Am I good enough to get into MFE programs?

ozengnr

New Member
Hi people,

I'm coming from a political science background, graduated from a research university in Europe. Although I studied quantitative aspects of political science, I was by no means as advanced as applied math or physics people. I am, however, good at math, got a 170 quant score (161 verbal 5.0 writing) on GRE, etc. I didn't have the required coursework, and I got Calc I, II, III, Linear Algebra, and Probability courses from a community college in Boston. I also took R, Python, and C++ courses, although I am VERY new to programming (started getting familiar just last year) and I'm only beginner in C++ while familiar with R and Python somewhat.

I personally think that, even though my math background is good, (I mean whose isn't?) I stand a very slim chance on getting accepted to one of these quantitative finance programs. In addition, I'm working in a field totally unrelated to finance. (media production)

I'm thinking of applying to UCLA MFE, Baruch MFE, Boston University MathFin, and a couple other safer choices such as UC Irvine MFin. What are my chances on getting into ANY financial engineering program at all? Should I pursue something else?

Thank you for your help.

Edit: Also working on getting CFA Level 1 this December, which I'm more confident in. My undergrad GPA is 3.7 and my non-degree GPA is 4.0.
 

bigbadwolf

Well-Known Member
What are my chances on getting into ANY financial engineering program at all?
Pretty strong. The caveat is that the programs admitting you are likely to be the bum MFE programs that just want your cash and don't give a cuss that the piece of paper they award you leads nowhere. If you're talking of reputable programs (top 7 or top 10), then your chances appear slim. They too want your money (the name of the game) but they can afford to be picky and your subsequent career matters to them as their reputation is on the line.
 

ApolloChariot

Active Member
Pretty strong. The caveat is that the programs admitting you are likely to be the bum MFE programs that just want your cash and don't give a cuss that the piece of paper they award you leads nowhere. If you're talking of reputable programs (top 7 or top 10), then your chances appear slim. They too want your money (the name of the game) but they can afford to be picky and your subsequent career matters to them as their reputation is on the line.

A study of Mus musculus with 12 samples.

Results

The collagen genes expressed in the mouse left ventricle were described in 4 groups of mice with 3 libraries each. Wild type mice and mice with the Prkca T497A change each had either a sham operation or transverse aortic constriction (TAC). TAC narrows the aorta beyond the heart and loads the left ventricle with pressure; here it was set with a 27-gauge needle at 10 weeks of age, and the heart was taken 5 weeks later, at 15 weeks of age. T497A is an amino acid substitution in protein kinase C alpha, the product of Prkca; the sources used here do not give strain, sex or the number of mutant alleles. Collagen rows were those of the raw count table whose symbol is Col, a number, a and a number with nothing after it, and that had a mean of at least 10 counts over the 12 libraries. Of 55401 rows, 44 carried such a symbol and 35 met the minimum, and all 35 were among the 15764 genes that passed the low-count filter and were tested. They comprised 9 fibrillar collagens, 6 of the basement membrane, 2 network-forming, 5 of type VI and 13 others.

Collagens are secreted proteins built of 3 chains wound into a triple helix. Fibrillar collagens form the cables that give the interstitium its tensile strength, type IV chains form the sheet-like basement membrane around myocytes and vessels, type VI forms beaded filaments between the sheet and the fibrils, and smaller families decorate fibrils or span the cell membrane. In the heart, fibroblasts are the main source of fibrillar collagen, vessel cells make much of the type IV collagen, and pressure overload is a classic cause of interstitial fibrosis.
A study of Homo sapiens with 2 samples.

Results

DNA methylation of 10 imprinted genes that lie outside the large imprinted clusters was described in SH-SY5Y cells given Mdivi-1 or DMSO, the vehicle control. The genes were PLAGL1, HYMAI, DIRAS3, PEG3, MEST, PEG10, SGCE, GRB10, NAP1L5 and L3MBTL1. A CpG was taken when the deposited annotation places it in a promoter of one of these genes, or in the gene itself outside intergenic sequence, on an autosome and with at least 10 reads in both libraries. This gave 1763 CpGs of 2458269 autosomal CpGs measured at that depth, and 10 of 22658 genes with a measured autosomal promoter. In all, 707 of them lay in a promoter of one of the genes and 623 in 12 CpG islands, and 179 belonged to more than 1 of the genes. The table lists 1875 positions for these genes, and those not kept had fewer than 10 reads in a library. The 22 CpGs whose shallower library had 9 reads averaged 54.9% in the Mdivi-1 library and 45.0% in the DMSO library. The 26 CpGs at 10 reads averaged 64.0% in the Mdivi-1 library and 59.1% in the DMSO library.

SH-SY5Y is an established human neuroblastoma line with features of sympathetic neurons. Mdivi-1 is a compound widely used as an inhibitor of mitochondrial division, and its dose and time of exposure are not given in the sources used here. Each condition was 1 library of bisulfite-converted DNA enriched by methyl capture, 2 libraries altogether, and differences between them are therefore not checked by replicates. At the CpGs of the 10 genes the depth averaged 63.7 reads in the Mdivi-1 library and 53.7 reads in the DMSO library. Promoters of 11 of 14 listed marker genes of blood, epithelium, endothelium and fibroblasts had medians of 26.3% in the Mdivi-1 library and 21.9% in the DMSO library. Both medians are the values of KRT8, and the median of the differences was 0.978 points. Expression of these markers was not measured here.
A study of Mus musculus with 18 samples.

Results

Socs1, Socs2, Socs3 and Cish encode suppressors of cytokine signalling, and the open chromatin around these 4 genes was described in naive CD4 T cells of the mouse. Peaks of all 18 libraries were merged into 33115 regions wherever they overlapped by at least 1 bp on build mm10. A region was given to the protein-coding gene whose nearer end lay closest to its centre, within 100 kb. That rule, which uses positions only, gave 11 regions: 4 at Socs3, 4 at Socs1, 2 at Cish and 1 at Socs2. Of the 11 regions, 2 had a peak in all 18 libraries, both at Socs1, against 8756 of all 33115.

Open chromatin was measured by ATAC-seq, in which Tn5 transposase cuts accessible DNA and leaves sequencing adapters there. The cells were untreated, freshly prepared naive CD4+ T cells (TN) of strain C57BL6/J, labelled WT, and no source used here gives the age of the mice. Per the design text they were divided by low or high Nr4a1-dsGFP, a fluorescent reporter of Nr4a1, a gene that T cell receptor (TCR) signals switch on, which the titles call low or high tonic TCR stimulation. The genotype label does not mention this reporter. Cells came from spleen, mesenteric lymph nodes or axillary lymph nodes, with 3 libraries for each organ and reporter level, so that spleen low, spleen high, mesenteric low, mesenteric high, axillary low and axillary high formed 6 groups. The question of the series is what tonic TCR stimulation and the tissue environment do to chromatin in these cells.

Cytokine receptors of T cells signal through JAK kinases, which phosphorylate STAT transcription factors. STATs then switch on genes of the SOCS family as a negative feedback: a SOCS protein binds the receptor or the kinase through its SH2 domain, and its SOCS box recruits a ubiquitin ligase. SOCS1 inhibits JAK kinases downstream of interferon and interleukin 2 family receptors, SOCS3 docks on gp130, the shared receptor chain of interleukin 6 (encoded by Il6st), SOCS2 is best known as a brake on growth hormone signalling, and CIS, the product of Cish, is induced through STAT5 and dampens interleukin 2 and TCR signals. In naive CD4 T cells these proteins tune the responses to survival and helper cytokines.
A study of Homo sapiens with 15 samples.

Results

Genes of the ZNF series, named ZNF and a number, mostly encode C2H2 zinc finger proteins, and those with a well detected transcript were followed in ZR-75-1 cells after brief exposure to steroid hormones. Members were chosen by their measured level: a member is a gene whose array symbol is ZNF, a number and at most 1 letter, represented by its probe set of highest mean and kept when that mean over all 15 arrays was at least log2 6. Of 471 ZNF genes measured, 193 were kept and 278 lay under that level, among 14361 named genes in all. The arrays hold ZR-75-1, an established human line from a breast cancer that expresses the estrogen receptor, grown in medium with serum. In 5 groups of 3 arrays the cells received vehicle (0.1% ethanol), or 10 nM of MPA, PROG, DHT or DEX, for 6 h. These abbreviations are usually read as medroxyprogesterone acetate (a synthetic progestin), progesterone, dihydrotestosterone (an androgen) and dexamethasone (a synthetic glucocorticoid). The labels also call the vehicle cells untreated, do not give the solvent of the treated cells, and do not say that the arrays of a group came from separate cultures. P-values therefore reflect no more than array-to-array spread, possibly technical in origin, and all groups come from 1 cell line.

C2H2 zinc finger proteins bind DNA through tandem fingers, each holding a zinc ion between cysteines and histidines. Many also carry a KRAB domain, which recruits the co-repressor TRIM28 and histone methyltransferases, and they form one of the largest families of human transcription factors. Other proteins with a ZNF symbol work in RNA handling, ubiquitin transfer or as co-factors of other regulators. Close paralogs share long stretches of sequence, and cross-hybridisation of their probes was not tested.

Harsh but absolutely true. A shame most people don't tell it like it is.
 
I got Calc I, II, III, Linear Algebra, and Probability courses from a community college in Boston.
I also took R, Python, and C++ courses, although I am VERY new to programming

I'm working in a field totally unrelated to finance. (media production)

I'm thinking of applying to UCLA MFE, Baruch MFE, Boston University MathFin, and a couple other safer choices such as UC Irvine MFin.

What are my chances on getting into ANY financial engineering program at all? Should I pursue something else?

Also working on getting CFA Level 1 this December
"ANY" program: 100% chance.
CFA : Well, you spent the money already. But if you want to be a Quant, do the PRM or FRM instead. They are more focused.
R/Python : Great. Stick with one, you'll get further faster. High skill with one is better than "Hello World" with 10.
- you've probably already noticed, but once you learn one, learning another isn't to difficult.
Unrelated Field : Doesn't matter, the MFE is all the relation you'll need, post-degree; and finance experience isn't needed for admission.
UCLA, etc, etc : Please compare SYLLABI. Any school with a good syllabus is worth it.
 

ozengnr

New Member
"ANY" program: 100% chance.
CFA : Well, you spent the money already. But if you want to be a Quant, do the PRM or FRM instead. They are more focused.
R/Python : Great. Stick with one, you'll get further faster. High skill with one is better than "Hello World" with 10.
- you've probably already noticed, but once you learn one, learning another isn't to difficult.
Unrelated Field : Doesn't matter, the MFE is all the relation you'll need, post-degree; and finance experience isn't needed for admission.
UCLA, etc, etc : Please compare SYLLABI. Any school with a good syllabus is worth it.
Thank you for a very thorough and awesome answer!